Brazilian fighter against Ukraine in Donbas secretly living in Kyiv's Moscow-controlled monastery
Rafael Lusvarghi, a 33-year-old Brazilian mercenary, who fought on the side of Russian-led troops against the Ukrainian army in Donbas, eastern Ukraine, and who was sentenced to 13 years in prison in Ukraine on charges of terrorism, has been secretly living in Kyiv's Moscow-controlled Sviato-Pokrovsky Holosiyivsky Monastery.
"Since his surprise release in December, after 14 months in jail, he has been secretly living within the red-brick walls of this monastery of the Ukrainian Orthodox Church of the Moscow Patriarchate, where he says he is learning the ascetic ways of a monk," Radio Free Europe/Radio Liberty (RFE/RL) reported.
"When I was in prison I was reading books about the [Orthodox] religion, and I became a man of god. I pray every day," RFE/RL quoted Lusvarghi as saying in English after being approached outside the monastery's kitchen on April 29.
Lusvarghi, the self-described former member of the French Foreign Legion, arrived in Russian-occupied Donbas in the middle of 2015, avowing "great love for Russia" and being determined to fight "fascism" in Ukraine.
He fought in such "signal Ukrainian battles like the fights for the town of Debaltseve and Donetsk airport," where the Ukrainian army sustained heavy losses.
Read alsoPriests of UOC of Moscow Patriarchate reportedly pray for militants in Donbas, bless arms – mediaHe was also a military instructor and scout for Russian-led separatist forces. What is more, he was used as a propaganda tool to recruit foreign fighters to join those fighting Ukrainian forces.
"Such visibility helped him carry out another task at the time: recruiting foreign fighters in a yearslong conflict with many Russian combatants but also occasionally fighters from the United States, United Kingdom, Central Asia, or nearby Georgia," RFE/RL wrote.
Lusvarghi left eastern Ukraine via Russia and returned to Brazil in summer 2016, with the battle lines in Donbas mostly frozen but skirmishes creating casualties almost daily. Then he decided to return to Ukraine later in the year, following what he would soon discover was a false job offer from the Ukrainian Security Service. He was arrested upon arrival at Kyiv's Boryspil International Airport that October and soon put on trial.
In January 2017, Lusvarghi became the first non-Russian convicted for crimes related to the war when he was found guilty of creating a "terrorist organization" and "recruiting mercenaries for terrorists."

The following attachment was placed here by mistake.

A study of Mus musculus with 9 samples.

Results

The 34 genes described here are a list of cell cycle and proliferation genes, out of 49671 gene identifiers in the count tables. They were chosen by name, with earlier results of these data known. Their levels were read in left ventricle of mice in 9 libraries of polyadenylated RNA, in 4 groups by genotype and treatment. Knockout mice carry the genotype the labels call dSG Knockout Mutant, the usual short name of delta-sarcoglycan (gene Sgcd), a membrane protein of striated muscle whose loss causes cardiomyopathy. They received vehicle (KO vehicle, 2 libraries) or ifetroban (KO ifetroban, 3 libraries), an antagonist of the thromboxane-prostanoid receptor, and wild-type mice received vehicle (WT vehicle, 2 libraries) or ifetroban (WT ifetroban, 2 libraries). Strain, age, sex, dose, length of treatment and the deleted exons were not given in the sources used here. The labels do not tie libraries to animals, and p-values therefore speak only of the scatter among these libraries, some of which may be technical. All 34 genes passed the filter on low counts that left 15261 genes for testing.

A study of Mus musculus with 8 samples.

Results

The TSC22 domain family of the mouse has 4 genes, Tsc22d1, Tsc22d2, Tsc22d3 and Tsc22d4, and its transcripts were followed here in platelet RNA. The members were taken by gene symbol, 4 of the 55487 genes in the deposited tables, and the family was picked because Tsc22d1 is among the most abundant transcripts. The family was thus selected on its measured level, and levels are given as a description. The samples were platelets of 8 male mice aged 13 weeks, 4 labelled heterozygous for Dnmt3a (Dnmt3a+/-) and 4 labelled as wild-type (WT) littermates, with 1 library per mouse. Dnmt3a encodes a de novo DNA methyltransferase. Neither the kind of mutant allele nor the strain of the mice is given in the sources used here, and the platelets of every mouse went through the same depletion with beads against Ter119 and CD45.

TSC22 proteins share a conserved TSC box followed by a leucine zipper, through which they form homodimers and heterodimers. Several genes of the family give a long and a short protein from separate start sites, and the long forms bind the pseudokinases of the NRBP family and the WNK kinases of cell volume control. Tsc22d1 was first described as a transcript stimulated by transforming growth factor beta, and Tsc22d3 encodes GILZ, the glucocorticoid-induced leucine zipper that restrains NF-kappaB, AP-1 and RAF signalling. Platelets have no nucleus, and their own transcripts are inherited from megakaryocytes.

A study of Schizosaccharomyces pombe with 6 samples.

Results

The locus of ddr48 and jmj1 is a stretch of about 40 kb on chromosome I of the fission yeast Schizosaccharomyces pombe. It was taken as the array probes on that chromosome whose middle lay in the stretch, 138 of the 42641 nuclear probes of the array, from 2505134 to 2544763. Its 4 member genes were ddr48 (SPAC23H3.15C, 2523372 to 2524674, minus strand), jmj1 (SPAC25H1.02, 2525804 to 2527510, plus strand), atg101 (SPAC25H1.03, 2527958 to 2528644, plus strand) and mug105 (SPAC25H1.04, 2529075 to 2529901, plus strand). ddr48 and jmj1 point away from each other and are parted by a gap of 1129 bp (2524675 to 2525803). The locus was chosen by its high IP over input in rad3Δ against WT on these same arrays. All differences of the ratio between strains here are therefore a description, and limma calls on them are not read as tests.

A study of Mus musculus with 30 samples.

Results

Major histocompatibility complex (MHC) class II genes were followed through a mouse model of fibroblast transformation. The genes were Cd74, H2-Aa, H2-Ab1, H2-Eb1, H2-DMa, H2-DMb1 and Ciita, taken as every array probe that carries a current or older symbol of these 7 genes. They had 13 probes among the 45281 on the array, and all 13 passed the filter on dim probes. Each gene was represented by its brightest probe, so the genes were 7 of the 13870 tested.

Much to Lusvarghi's surprise, in August, the Kyiv Court of Appeals quietly overturned the verdict, accepting the defense's arguments over jurisdiction and the prosecution's focus on his admission of guilt without considering all the evidence or his allegation of illegal force used against him, the Kharkiv Human Rights Protection Group reported at the time.
The appeals court ordered further investigation and a retrial, while extending Lusvarghi's detention.
Then in December, for reasons unknown to him, he was released from prison.
"Why I'm not in [prison], I don't know," he says, adding that the Ukrainian authorities gave neither him nor his lawyer, Valentin Rybin, a reason for his release. "I can't explain and I don't understand."
"Without his passport, currently held by Ukrainian authorities while they continue to investigate his case, he is stuck in the country he took up arms to fight," RFE/RL said.
According to Radio Liberty's Ukrainian-language service, changing the measure of restraint was initiated by the prosecutor in the case, Ihor Vovk, in connection with preparations for the exchange of prisoners between Ukraine and the self-proclaimed Donbas republics, the "DPR" and the "LPR."
"He was supposed to be swapped for hostages held in the 'DPR' and the 'LPR.' Thus, his measure of restraint had to be changed, as he was accused of crimes that suggested imprisonment. Despite this, the court decided to do this [release him]," Vovk explained.
According to the lawyer of the accused, Valentin Rybin, his client was on the swap lists, but the exchange of Lusvarghi did not take place.
Lusvarghi says he had hoped to be included in the large prisoner exchange in December, RFE/RL wrote. He still hopes that he might be included in a future swap.
"Why I stayed back? Are there others who stayed back as well?" Lusvarghi asks. "I wanted to be exchanged. The fact that I stayed behind, it's against my will."
"I would like to return to my country. But, if it's the only option, I'm fine with returning to [occupied Donetsk]," he adds.
Lusvarghi says his retrial is expected to begin on June 6.